Editor's Pick (1 - 4 of 8)
IT Governance Built to Last: The Wisconsin Enterprise Model
Yvonne Wassenaar, CIO, New Relic, Inc
Bringing Mobility and Agility to the Distributed Workforces
By Bruce Bartolf, Principal & CTO, Gensler
As a global design firm, Gensler has struggled to create a technology infrastructure that supports easy collaboration, fast access to data, and employee mobility. Unlike normal office automation tools like MS Word and Excel that ask little of today’s PCs, architectural design tools require large local memory, fast shared storage, and significant computational resources for each user. In a typical design firm, this means a large network attached storage system, high speed local area networks, print servers, domain controllers, and associated operational infrastructure. Large demands on our PCs meant that small, light laptops just can’t cut it. Users have had to carry bulky and heavy laptops or use large tower workstations. Mobility at Gensler meant wheeling your phonebook-sized laptop around the airport, and plugging it in after 20 minutes on battery.
Yet, even with these tools, users were held hostage by slow data transfer speeds caused by moving very large files across global networks. Compared to European and Asian markets, very high speed network links are less available and more expensive in the North and South American markets. This significantly reduced file transfer speeds in these offices. But even when high speed connections are available, the reality of network propagation delay and the use of chatty LAN protocols slow file transfers to a crawl.
Recently, however, two new technologies have emerged that promise to resolve the two intractable problems of mobility and network performance. The first, is NVidia virtual GPU technology, called GRID, and second is the distributed cloud storage technology from Panzura.
In 2014 Gensler began deploying NVidia GRID cards on a Citrix VDI platform in its two North American data centers. The GRID cards provide GPU resources to virtual PCs running on large servers. Servers in each data center are connected to very high speed SSD storage, Internet, and WAN connections. This provides the capability to run workstation- class graphics on the VDIs, such as spinning a 3D model in real-time. The performance of a quad-processor, 32GB VDI instance is virtually identical to an entry-level workstation PC or workstation class laptop.
Ripping out our entire installed base and replacing it with Citrix is expensive
The benefits of this approach are significant. For the first-time, employees can use lightweight tablets and laptops to do work. Or, they can simply use their home PC or iPad, leaving their computer back at the office. Offices need less technology infrastructure, have higher security, and reduce file transfer traffic because the data is in the data center. Access to graphics applications and data can also now be provided to business partners, significantly increasing productivity, while reducing errors and schedules. Most importantly, Gensler can put people on the ground almost anywhere in the globe and have them working in near real-real time with just a few laptops, a Wi-Fi access point, and Internet.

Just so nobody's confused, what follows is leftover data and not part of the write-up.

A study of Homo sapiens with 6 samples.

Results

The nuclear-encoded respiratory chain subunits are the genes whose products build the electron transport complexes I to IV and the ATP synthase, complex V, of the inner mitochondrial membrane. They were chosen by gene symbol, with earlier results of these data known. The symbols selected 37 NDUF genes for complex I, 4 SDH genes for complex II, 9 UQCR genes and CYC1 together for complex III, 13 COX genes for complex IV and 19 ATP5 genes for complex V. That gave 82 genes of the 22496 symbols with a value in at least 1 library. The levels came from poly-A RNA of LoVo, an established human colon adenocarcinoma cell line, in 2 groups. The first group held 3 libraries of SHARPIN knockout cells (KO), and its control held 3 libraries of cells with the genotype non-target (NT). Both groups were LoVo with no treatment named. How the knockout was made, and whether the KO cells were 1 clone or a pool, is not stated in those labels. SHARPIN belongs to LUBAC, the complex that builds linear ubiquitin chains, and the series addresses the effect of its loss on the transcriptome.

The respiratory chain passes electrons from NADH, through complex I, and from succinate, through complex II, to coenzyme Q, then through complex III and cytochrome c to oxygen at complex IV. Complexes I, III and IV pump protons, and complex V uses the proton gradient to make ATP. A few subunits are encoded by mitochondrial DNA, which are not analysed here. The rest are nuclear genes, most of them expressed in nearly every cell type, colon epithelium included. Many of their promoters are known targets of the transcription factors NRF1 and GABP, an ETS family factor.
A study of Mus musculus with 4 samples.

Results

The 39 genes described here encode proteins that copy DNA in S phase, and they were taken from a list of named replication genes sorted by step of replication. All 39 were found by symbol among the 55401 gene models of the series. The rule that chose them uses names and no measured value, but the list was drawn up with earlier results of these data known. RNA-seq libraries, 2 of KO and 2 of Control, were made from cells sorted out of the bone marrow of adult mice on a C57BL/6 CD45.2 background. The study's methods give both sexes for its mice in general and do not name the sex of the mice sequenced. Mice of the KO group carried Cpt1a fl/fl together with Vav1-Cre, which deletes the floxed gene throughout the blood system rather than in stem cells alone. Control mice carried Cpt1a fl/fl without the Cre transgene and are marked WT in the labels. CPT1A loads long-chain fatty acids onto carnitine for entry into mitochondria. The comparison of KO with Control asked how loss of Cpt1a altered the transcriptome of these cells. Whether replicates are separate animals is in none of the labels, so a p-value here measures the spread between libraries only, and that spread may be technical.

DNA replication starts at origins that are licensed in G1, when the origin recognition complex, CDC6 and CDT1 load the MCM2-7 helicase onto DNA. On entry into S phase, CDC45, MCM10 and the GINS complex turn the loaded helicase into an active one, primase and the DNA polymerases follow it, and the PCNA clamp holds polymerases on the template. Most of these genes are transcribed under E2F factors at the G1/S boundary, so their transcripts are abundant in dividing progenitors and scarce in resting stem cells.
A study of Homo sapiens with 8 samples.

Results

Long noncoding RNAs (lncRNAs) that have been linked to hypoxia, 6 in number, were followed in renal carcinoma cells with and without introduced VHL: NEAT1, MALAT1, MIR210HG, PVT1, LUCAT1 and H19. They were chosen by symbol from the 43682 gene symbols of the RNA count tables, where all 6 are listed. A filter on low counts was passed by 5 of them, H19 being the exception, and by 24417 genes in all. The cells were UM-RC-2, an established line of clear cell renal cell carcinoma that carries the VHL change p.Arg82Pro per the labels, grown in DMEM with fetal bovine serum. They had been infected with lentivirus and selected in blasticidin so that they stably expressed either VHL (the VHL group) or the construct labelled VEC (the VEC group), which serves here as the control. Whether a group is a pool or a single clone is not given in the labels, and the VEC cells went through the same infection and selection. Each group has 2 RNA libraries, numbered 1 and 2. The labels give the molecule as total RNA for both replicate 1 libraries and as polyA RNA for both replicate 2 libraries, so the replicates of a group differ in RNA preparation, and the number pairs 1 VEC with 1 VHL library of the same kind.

Of course, ripping out our entire installed base and replacing it with Citrix is expensive, and frankly not financially realistic in the near-term. This is where Panzura is filling in the holes of our legacy technology. A Panzura is a physical or virtual appliance that front-ends a bucket of data in a cloud storage provider such as Amazon S3 or Microsoft Azure.
Panzura does three things that were extremely difficult to pull off in the past. First, it solves the file transfer problem in a different way than Citrix. It allows copies of data to reside in multiple local offices at the same time. Rather than moving files between sites, a single copy of the file is located in the cloud. Remote users open and save files in their offices like they do normally, because to them, the Panzura is just another file server. Only changed blocks are moved up and down from the cloud, and record locks are maintained in the master copy of the data in the cloud. Put it all together, and you have a system which allows multiple users in multiple sites to have local copies of files, with the record locks transparently handled by the Panzura across sites.
Panzura also solves the problem of continual storage growth. Like other cloud storage devices, rather than dealing with disruptive and costly SAN disk shelf and controller expansions, the
Panzura appliance transparently ages old data out of the cache while maintaining it in the cloud where it is backed up and replicated across regions. All data is shown as locally available, but old data simply takes slightly longer to open from the appliance as it is copied from the cloud to the local cache.
Citrix and Panzura complement each other, since data buckets from legacy offices can be presented up with LAN speed in the data center. Users of the private Citrix cloud VDI services access files from local offices, and vice-versa. In the case of weather or other disaster, all data in the regional offices are available in the data center to Citrix users. If they can’t get to the office, they can simply head down to a local Starbucks, fire up their laptop, and get back to work, or do so right at the breakfast table (as long as they have a device and Internet).
The two technologies of Panzura and Citrix have vastly improved the ability of mid-sized organizations with graphics-intensive applications and large data sets to bring mobility and agility to their distributed workforces. Some thirty years ago I started my career as the PC moved processing and storage out of data centers and mainframes. Now, what’s old is new again, as cloud storage and graphics-enabled VDIs allow the centralization of operations back into data centers, while providing the mobility and graphics performance that users demand.